A majority of a panel of the Georgia Court of Appeals affirmed summary judgment for the defense in a case involving a mental health patient who left the custody of his parents and was found drowned three days later. The majority held that while Plaintiffs proved “cause-in-fact,” there was no genuine issue of fact on proximate cause.

Plaintiffs are the parents of a patient with a long history of non-violent, non-suicidal mental health issues. They lived in Chattanooga. A few days before the event, they were on vacation in North Carolina when the patient stopped taking his medication regularly. He further deteriorated while they were traveling home, so they stopped in Augusta at a hospital. The patient was evaluated and held involuntarily under a “1013” order. Over the next few days, the hospital made efforts to transfer the patient to an inpatient mental health facility, but there were no beds readily available in the state. Over the next few days, the patient was sporadically compliant with medications and hallucinating, but did not express any intent to harm himself or others. After a series of consultations and evaluations, the decision was made to discharge him in the custody of his parents for transportation to a facility close to home.

His parents then took custody of him and went to the medical records building to get a copy of his records. The patient and his mother went inside to sign authorizations and the patient then returned to the car with his father. The patient then exited the car and began walking around. His father asked a security guard for help as they tried to prevent the patient from running away. The patient then ran towards a parking deck and his father called the police for assistance. After an extensive search, he could not be found. A bulletin was put out for him and a sheriff’s deputy found him but did not detain him. The patient was found in a lake three days later and the cause of death was accidental drowning.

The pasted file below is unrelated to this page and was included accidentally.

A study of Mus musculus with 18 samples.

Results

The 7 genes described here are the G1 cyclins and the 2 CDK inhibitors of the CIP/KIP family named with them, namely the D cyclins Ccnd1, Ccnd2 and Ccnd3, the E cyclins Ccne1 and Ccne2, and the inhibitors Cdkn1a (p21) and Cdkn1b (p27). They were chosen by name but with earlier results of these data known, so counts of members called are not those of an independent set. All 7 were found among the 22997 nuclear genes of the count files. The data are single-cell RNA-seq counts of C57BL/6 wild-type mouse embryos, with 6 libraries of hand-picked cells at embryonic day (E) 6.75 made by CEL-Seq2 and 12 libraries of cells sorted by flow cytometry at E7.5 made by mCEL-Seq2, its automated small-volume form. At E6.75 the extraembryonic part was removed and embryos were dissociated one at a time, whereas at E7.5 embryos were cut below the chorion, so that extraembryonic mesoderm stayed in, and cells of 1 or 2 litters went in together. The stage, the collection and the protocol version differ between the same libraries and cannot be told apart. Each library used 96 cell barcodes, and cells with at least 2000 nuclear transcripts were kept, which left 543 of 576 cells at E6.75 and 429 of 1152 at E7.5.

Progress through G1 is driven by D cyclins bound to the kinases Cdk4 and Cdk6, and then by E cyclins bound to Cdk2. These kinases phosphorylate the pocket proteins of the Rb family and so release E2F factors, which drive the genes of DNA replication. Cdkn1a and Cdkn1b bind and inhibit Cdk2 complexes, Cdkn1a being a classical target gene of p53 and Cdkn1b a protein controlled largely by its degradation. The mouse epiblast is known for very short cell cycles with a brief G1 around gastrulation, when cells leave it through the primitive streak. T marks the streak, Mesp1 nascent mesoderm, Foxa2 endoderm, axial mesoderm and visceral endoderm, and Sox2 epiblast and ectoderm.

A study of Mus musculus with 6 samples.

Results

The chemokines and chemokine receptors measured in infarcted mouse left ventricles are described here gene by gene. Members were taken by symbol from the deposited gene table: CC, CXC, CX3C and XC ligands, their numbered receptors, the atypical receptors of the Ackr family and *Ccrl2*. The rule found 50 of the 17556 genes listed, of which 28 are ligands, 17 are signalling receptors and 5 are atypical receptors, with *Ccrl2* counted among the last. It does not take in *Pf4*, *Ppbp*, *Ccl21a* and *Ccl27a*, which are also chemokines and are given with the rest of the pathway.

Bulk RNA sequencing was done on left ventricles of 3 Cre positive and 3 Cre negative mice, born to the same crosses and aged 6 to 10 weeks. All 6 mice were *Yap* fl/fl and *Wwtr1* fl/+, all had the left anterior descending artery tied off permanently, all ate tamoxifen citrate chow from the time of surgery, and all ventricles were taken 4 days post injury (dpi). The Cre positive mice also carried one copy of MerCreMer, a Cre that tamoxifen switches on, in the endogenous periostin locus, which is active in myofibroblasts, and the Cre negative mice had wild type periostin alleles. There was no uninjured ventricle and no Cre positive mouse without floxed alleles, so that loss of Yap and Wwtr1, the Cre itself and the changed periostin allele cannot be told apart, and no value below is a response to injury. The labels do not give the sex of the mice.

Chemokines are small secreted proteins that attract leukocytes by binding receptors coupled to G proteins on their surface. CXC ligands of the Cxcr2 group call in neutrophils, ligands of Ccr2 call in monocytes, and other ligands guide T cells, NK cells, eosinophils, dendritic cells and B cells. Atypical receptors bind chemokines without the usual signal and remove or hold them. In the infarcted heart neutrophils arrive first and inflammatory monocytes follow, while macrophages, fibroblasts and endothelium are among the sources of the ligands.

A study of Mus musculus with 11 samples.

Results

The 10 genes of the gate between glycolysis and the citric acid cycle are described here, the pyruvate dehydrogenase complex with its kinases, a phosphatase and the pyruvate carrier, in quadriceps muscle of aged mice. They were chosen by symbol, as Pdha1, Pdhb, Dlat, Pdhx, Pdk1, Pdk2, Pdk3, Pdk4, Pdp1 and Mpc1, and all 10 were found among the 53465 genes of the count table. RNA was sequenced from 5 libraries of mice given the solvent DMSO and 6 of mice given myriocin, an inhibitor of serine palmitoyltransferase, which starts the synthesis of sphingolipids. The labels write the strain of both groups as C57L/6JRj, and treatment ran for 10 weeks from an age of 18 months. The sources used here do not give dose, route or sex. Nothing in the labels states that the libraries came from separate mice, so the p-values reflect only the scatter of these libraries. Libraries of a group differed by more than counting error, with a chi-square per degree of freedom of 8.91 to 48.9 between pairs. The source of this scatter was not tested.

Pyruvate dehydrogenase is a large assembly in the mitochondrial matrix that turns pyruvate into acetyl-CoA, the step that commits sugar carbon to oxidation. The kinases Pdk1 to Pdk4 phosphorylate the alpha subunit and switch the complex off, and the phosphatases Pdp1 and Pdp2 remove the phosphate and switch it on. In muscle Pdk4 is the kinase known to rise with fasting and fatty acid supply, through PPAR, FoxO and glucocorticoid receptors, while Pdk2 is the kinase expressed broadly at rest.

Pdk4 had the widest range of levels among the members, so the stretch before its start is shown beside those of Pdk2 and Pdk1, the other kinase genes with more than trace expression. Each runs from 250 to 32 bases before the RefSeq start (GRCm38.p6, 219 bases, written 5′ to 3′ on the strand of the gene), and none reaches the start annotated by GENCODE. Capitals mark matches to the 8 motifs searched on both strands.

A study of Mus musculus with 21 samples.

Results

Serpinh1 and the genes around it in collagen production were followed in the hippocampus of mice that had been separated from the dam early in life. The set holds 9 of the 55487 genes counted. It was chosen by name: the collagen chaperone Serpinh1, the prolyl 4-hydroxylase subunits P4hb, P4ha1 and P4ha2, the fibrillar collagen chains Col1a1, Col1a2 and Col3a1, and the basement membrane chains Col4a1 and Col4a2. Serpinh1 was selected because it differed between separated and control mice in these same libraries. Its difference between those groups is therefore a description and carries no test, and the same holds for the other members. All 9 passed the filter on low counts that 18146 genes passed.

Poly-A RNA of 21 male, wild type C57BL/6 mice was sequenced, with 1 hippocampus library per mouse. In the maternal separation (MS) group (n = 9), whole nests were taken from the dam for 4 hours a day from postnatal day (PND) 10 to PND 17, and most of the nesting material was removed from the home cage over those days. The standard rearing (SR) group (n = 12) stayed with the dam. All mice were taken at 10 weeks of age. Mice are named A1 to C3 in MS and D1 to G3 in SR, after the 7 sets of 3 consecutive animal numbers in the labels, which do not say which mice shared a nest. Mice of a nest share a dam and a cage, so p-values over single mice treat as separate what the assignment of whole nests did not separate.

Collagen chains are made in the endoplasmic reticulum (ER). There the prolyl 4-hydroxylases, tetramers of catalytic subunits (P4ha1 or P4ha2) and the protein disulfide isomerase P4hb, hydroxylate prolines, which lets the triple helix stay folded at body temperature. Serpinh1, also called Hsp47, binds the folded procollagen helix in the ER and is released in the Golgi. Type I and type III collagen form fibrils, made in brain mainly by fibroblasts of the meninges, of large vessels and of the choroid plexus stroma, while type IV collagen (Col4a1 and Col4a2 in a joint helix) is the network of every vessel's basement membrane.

Plaintiffs sued and the defendants moved for summary judgment, which the trial court granted, ruling there was an absence of evidence of proximate cause. A majority of a panel of the Court of Appeals affirmed, holding that the patient’s accidental drowning three days later was too remote from his discharge as a matter of law. The majority wrote that Plaintiffs were required to prove both cause-in-fact and proximate cause and that they had established “but for” causation in the sense that keeping the patient at the hospital longer would have “foreclosed all other outcomes outside of the hospital” but that they did not prove proximate cause. Specifically, there was no evidence as to how or why the patient drowned, he was able to swim, it was summer time and warm, and there was nothing inherently dangerous about swimming. The expert witnesses could not draw a conclusion about what caused him to drown. Because the Court could only speculate about what happened, the majority affirmed. The dissent wrote that proximate cause is usually a jury issue and there was expert testimony that the patient’s psychosis meant he was unable to care for his own safety, among other things.

Take-home: this is the first case in a long time in which the Court has held that the claimants proved cause-in-fact but not proximate causation.

The case is Ferguson v. Bowers, ___ S.E.2d ___, 2024 WL 1130362 (Ga.Ct.App. March 15, 2024).